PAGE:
What is already known about this topic?
Data on self-reported prescription opioid use during pregnancy are limited.
What is added by this report?
Analysis of 2019 survey data found that 6.6% of women reported prescription opioid use during pregnancy. Among these women, 21.2% reported misuse (a source other than a health care provider or a reason for use other than pain), 27.1% wanted or needed to cut down or stop using, and 31.9% reported not receiving provider counseling about how use could affect an infant.
What are the implications for public health practice?
Obstetric providers should discuss risks and benefits of opioid therapy for chronic pain during pregnancy, screen all pregnant women for substance use, misuse, and use disorders, including those involving prescription opioids, and provide referral and treatment, as indicated.
Background: Prescription opioid use during pregnancy has been associated with poor outcomes for mothers and infants. Studies using administrative data have estimated that 14%–22% of women filled a prescription for opioids during pregnancy; however, data on self-reported prescription opioid use during pregnancy are limited.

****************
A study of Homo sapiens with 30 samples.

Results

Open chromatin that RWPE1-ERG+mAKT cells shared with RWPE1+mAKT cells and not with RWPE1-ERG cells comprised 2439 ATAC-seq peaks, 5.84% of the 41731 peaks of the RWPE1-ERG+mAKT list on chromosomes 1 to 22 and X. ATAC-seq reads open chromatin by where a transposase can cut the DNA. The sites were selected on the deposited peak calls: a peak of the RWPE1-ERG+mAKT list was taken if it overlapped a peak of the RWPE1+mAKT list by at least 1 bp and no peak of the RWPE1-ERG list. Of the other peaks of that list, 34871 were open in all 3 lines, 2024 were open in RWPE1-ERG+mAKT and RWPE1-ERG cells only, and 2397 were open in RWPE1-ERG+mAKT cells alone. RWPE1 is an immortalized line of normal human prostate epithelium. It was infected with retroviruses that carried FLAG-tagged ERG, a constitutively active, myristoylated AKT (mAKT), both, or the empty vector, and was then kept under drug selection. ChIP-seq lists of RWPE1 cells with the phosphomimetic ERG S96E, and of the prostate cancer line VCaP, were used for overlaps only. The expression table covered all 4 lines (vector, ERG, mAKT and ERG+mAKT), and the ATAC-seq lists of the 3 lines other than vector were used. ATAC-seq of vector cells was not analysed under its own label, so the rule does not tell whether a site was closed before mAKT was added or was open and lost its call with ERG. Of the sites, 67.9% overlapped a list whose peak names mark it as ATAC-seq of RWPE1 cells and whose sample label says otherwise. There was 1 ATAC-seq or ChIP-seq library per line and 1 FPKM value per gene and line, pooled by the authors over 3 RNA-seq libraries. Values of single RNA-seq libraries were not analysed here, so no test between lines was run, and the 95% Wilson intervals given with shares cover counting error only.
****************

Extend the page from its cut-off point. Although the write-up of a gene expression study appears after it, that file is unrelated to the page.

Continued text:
Methods: CDC analyzed 2019 data from the Pregnancy Risk Assessment Monitoring System (PRAMS) survey in 32 jurisdictions and maternal and infant health surveys in two additional jurisdictions not participating in PRAMS to estimate self-reported prescription opioid pain reliever (prescription opioid) use during pregnancy overall and by maternal characteristics among women with a recent live birth. This study describes source of prescription opioids, reasons for use, want or need to cut down or stop use, and receipt of health care provider counseling on how use during pregnancy can affect an infant.
Results: An estimated 6.6% of respondents reported prescription opioid use during pregnancy. Among these women, 21.2% reported misuse (a source other than a health care provider or a reason for use other than pain), 27.1% indicated wanting or needing to cut down or stop using, and 68.1% received counseling from a provider on how prescription opioid use during pregnancy could affect an infant.
Conclusions and Implications for Public Health Practice: Among respondents reporting opioid use during pregnancy, most indicated receiving prescription opioids from a health care provider and using for pain reasons; however, answers from one in five women indicated misuse. Improved screening for opioid misuse and treatment of opioid use disorder in pregnant patients might prevent adverse outcomes. Implementation of public health strategies (e.g., improving state prescription drug monitoring program use and enhancing provider training) can support delivery of evidence-based care for pregnant women.